PI-REPEATER-2X – Trouble Shooting Audio

Tools you will need

  • 40 pin IDC ribbon cable 6+ Inches (to allow probing the bottom side of the controller board).  If you have our cased system, the included one is sufficient
  • PC – linux/Mac/Windows with terminal program such as PuTTY
  • Oscilloscope – basic unit capable of measuring 5V and 100KHz sine wave

Preparing the software environment (in SSH or console)

Run the following commands to disable svxlink and put the audio system into a tone generator mode that will output 500 Hz that will alternate between the 2 audio channels in the codec chipset.  Note that you should monitor each node for about 5 seconds to ensure you don’t miss diagnose a mode when the unused channel is being activated.

sudo alsamixer

When the alsamixer utility loads, inspect the audio card, this should report as “FE-PI”.  Next inspect the volume levels and configurations.  The audio input (MIC) should be set to “LINE-IN” and output should be set to “DAC”, all volume levels should be set to approximately 60-80%.

If any settings are adjusted, issue the command sudo reboot after exiting. Failure to reboot will cause the settings to be lost if power is reset.

sudo service svxlink stop

This will disable the svxlink application so the audio card can be used for debugging.

sudo speaker-test –c 2 –t sine –f 500

This will set the audio chip to output a sine wave signal that alternates between the two audio channels available.  Note, only 1 channel is used in this controller board.

AUDIO OUTPUT PORT 1

Probe each side of C23

A sine wave of 500 Hz should be measured, the amplitude of the signal is controlled by the software volume setting in “alsamixer” utility.  Ideally this signal should be approximately 1V to have good signal strength while preventing distortion.

Probe each side of R36

The left side of R36 is the audio output after the ROUT adjustment potentiometer which should be used to adjust the final output volume.  This voltage should be adjusted using the ROUT_ADJ potentiometer to approximately 0.25Vpp to begin with.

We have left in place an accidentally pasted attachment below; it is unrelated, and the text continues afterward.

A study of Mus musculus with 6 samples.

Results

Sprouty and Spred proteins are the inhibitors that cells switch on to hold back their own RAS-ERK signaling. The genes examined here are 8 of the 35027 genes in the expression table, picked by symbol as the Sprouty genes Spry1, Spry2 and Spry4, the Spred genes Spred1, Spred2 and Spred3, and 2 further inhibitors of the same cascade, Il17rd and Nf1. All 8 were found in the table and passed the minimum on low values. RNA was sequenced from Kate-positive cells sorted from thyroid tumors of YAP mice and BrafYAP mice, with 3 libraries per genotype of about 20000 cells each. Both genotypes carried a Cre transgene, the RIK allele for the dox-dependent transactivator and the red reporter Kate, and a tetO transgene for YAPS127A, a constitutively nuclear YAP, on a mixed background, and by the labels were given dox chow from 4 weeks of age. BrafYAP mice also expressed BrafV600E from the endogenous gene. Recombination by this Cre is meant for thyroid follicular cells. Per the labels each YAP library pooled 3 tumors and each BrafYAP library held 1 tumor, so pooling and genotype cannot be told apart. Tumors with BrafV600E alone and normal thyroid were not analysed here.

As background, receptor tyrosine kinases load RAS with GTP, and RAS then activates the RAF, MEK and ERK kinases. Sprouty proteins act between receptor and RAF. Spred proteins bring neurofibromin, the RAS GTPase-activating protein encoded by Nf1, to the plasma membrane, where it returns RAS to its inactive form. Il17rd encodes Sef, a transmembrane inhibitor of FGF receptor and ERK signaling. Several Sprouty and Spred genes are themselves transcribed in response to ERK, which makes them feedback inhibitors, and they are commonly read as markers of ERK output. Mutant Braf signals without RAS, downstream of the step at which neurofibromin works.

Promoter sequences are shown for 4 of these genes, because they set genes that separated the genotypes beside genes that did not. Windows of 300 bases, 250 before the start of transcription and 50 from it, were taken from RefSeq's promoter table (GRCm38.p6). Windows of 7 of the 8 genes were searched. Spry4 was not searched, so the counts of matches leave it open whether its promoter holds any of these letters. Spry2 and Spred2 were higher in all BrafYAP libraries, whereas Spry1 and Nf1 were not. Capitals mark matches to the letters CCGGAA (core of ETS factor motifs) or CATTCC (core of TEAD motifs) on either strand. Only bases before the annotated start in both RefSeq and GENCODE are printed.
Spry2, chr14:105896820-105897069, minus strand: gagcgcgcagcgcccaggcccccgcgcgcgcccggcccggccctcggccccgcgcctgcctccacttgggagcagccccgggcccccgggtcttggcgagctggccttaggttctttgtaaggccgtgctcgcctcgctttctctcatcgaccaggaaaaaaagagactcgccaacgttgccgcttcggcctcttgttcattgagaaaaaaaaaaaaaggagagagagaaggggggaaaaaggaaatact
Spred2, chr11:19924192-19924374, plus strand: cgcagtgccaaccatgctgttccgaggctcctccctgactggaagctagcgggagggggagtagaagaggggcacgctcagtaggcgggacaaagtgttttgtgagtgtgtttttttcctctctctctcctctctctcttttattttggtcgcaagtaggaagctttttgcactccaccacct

The right side of R36 is a combination of the input and feedback from the amplifier.  If no signal is detected here, slowly adjust the RGAIN potentiometer until a maximal non-distorted signal is measured.  If you are unable to get any signal on the right side of R36, U5 may be defective and shorting the signal to ground.

 

NOTE:   Not show is the amplifier IC U5 stage, if R36 has signal on the right side, the input to this pin will also be good which originates at U5.  If the C12 (next step) has signal, the U5 amplifier stage is working properly.

 

Probe each side of C12

C12 is a DC blocking capacitor and should not impact signal levels.  If signal is present on one side of C12, but not the other, then either C12 or U5 is defective and needs replaced.

Probe each side of R33

R33 is a damping resistor to help prevent oscillations and noise in the wiring and should not impact signal levels.

 

Check the Tx Audio header pin

If you have made it this far, the Channel 1 Tx Audio path has been checked for functionality.

 

AUDIO INPUT PORT 1

 

Jumper Output to Input

To get started with trouble shooting received audio, first step complete the above process for enabling a sine wave from the audio chip.  Then jumper the Rx Audio to the Tx Audio signals.  You can do this either right on the 2×5 header, or in a DSUB-9 connector depending on what is most convenient

Probe each side of C11

Probe the top side of C11 to check the output of the RIN-ADJ potentiometer.  The bottom side of C11 is the DC blocker that feeds the Flat Audio amplifier input.

Probe each side of R25

R25 is the input stage of the Flat Audio; depending on the setting of the switch, the scale of the output side may vary, but the signal should still be present.

 

 

Probe each side of Q1 (0 OHM Resistor)

Q1 is the output stage of the Flat Audio amplifier circuit, signal should be equivalent on both sides of the resistor

Probe each side of C21

C21 is the last component before the audio enters into the audio chip.  The audio should be unaffected by passing through this component except DC voltage blocking.

If you have traced the CH 1 audio to this point, the only possible remaining point of failure could be the audio chip input pin.  This can be tested by recording the audio input to file and then playing it back out the output.